As I continue the "best of" lists for 2011, these are my picks for the best, most interesting, most touching stories of the year. These are the stories that I was excited to write or struggled with writing because of the sensitive topic or was pleased with how well it was received by the community.
Saturday I shared my picks for January to June 2011. Here is the second half of my top 12 picks—month by month.
As I said in the first part of this list, journalists get an adrenaline rush when breaking news happens. And I certainly felt that adrenaline rush when I heard about a possible shooting on the Baltimore-Washington Parkway in Linthicum in July. Turns out, it wasn't exactly a shooting, but it had everyone on edge for a good part of the day.
I spent hours with group of news men and women sitting on Winterson Road waiting to hear more details about the man who police said walked out of the woods, approached a speed enforcement Jeep with a shotgun and a hammer, smashed the windshield and disappeared back into the woods. Police never reported locating the man.
There were entirely too many relevant stories to choose from in August, but just for the sheer craziness of it I had to go with the earthquake coverage. After standing terrified in the doorway of my kitchen as my apartment shook, I gathered my senses and went out into the streets to speak with people about what they—and I—just experienced.
I think I got my favorite quote of the year from William Turner in that video: "Everything just started going everywhere," Turner said. "I felt like the whole apartment was going around, like, in circles—back and forth, to and fro. It was wicked, know what I mean?"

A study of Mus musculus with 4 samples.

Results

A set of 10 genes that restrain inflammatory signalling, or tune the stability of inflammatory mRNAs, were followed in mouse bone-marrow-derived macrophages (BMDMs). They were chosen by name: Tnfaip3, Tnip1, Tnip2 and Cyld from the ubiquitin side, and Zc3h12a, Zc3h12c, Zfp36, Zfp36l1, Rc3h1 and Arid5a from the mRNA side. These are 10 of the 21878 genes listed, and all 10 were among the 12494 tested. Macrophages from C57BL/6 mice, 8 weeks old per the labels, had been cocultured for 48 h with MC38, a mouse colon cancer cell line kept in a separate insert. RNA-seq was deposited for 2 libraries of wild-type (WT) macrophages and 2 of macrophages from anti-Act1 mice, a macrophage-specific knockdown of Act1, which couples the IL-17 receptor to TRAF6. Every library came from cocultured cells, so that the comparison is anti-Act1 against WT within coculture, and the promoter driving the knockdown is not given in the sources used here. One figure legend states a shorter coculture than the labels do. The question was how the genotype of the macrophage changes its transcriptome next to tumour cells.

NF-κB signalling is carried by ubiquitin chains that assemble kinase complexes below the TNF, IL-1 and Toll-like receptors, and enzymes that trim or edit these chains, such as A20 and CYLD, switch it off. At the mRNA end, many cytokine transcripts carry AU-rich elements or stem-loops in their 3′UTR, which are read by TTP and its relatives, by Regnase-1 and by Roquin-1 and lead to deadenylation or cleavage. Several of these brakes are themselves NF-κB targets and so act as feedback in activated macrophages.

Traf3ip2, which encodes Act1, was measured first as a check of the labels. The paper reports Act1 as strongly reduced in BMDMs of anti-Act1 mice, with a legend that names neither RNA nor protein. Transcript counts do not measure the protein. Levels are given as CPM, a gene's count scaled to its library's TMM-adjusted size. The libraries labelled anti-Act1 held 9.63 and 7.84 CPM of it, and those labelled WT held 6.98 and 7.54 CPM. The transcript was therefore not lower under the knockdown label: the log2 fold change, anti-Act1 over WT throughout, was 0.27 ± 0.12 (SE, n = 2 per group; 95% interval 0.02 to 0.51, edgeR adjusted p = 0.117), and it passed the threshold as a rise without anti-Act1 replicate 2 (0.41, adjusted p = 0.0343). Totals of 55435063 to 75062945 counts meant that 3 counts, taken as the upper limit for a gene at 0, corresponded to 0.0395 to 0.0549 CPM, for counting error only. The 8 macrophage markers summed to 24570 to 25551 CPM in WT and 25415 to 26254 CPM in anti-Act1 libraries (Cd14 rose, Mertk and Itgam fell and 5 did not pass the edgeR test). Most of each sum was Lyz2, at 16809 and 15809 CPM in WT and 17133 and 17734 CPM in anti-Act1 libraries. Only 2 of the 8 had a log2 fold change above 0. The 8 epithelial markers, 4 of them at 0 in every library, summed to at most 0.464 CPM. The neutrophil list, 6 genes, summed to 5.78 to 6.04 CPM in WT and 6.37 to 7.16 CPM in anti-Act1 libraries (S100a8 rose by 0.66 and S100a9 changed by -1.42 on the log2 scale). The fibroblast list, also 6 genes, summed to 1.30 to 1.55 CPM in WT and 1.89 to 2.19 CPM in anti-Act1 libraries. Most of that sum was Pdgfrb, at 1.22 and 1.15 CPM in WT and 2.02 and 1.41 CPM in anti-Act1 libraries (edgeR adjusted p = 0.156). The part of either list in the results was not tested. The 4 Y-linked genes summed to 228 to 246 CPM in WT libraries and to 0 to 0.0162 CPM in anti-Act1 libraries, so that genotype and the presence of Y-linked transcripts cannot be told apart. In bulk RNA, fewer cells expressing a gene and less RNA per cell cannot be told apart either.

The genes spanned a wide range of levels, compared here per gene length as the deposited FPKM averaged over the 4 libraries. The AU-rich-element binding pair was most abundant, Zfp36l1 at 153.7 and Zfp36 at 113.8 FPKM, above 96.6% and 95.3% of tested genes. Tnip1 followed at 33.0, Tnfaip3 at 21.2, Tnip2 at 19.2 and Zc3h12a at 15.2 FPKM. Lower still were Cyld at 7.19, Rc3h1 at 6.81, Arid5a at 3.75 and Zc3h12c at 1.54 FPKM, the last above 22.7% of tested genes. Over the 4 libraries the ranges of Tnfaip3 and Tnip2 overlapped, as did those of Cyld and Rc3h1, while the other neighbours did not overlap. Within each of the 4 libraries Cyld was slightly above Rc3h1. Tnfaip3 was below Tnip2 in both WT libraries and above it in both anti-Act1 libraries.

Other notable headlines in August:
In September, the country saw two executions of convicted murderers. There was a large media following of the execution of Troy Davis and many people were talking about the case—advocating both for and against the Georgia man convicted of killing an off-duty police officer.
Earlier that week The Washington Post reported about a Maryland Court of Appeals ruling that said the standards jurors use to determine whether or not the death penalty should be imposed are constitutional.
It made me wonder where Glen Burnie residents stood. Are we for or against the death penalty? According to the poll, we're for it. (At least 69 percent of us are. The poll results are unscientific.)
It seemed that no matter what article we published about Patrick Downey III, everyone had a lot to say. Sometimes the conversations got heated and needed to be moderated and, in some cases, even shut down. No matter how you feel about Downey, it was always an interesting and lively discussion.
Being trained in traditional journalism sometimes makes it hard for me to open up in the columns I write here on Glen Burnie Patch. But in the spirit of Thanksgiving I felt the need to come from behind the curtain a bit and thank those of you who've helped me throughout my journey with Patch—and it had been just more than a year since the site launched. That gave me a lot to reflect on and be thankful for.
December 2011: '
I feel like I might have a bit of a crush on Granville Gilbert—this is my third time writing about him in a month! But I couldn't be more impressed by the 74-year-old man's pure love for Christmas and bringing happiness to others. I enjoyed spending time with him at his home during one of four open houses he held to raise money for youth programs at his church, Linthicum Heights United Methodist Church.